The Department of Homeland Security is the latest agency to appeal to U.S. consumers to check their computers for signs of DNSChanger malware before they are knocked offline in a couple of months.
Rand Beers, undersecretary for the National Protection and Programs Directorate, implored users to test their home and office computers for the trojan, which infected more than 4 million machines in 100 countries before law enforcement officals took down the sophisticated fraud ring. As part of “Operation Ghost Click,” authorities took command of implicated DNS servers and redirected compromised computers to surrogate servers. Those servers now must be taken down July 9 by court order. At that time, any machine still tethered to the temporary servers will be forced offline.
“I encourage everyone to keep your operating system, browser, and other critical software optimized by installing updates,” Beers wrote in a blog post on the DHS Web site. “And, you can assess your own computer’s susceptibility for the DNSChanger malware at the industry-wide DNSChanger Working Group website. In fact, I just tested my computer at home – the process was simple, straight-forward, and only took a few minutes.”
As of last month, 84,000 U.S. computers were still tied to the “clean” servers put up for the FBI by the Internet Systems Consortium. The number worldwide is around 350,000. A Kindsight Security Lab malware report released today for Q1 ranked DNSChanger as the most prevalent high-level infection with 1 in 400 households still infected.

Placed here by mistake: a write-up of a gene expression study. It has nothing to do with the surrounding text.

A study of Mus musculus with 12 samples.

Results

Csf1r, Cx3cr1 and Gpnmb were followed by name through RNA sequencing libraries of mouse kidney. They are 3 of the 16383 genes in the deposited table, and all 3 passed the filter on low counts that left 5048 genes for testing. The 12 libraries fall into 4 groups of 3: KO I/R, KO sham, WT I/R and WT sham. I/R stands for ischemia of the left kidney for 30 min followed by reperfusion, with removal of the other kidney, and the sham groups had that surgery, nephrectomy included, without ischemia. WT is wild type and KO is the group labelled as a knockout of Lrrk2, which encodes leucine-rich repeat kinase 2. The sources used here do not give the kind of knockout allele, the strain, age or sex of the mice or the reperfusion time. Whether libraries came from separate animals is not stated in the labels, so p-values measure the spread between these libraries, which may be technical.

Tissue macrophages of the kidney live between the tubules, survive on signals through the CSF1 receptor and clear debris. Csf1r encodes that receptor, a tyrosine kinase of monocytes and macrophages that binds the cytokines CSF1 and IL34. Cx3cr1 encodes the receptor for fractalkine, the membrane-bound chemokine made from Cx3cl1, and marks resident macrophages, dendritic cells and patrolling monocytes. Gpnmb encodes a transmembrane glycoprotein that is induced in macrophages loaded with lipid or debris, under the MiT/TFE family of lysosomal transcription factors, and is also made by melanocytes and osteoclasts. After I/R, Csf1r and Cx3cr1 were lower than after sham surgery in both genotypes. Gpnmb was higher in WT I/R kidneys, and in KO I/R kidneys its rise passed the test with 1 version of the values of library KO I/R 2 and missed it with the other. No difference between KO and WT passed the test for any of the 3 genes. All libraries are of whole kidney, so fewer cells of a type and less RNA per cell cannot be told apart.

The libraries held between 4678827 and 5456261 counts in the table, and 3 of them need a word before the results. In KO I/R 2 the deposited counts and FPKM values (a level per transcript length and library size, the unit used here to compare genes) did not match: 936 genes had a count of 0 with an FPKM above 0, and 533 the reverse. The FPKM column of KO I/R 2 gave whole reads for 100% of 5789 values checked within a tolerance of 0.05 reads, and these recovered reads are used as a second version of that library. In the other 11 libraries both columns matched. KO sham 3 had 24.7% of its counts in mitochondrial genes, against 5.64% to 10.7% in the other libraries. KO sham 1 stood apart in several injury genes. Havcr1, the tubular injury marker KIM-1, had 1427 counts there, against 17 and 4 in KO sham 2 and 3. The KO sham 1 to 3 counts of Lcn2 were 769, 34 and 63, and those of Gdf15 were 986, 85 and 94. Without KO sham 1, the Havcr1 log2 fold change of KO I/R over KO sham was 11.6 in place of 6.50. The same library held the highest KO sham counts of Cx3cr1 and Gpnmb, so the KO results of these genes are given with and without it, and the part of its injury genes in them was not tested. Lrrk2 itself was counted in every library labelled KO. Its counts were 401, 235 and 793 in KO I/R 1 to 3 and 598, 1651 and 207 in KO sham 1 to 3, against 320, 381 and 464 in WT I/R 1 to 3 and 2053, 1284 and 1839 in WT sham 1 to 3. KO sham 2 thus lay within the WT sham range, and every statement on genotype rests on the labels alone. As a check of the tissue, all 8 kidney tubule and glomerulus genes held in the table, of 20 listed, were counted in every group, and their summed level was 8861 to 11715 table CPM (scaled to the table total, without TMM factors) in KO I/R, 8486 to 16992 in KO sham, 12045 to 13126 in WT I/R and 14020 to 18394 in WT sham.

Federal officials this spring began recommending people scan their machines with a number of free tools, including one widely publicized scanner on the Working Group’s web site. But a security expert cautioned it can create confusion from inconsistent findings. One suggested solution is to download AV software that scans for DNSChanger, rather than rely solely on one of sites on the FBI’s Check-up List.
Some also say more education (and help) is needed to help consumers remove the malware and reconfigure their machines to use their ISP’s DNS servers.
In the meantime, DHS’s Beers is asking everyone to help spread the word to reduce the number of machines still carrying the troublesome trojan. “DHS is committed to ensuring cyberspace supports a secure and resilient infrastructure, enables innovation and prosperity, and protects privacy and other civil liberties by design, but we need everyone, including our industry partners and the general public to do their part.”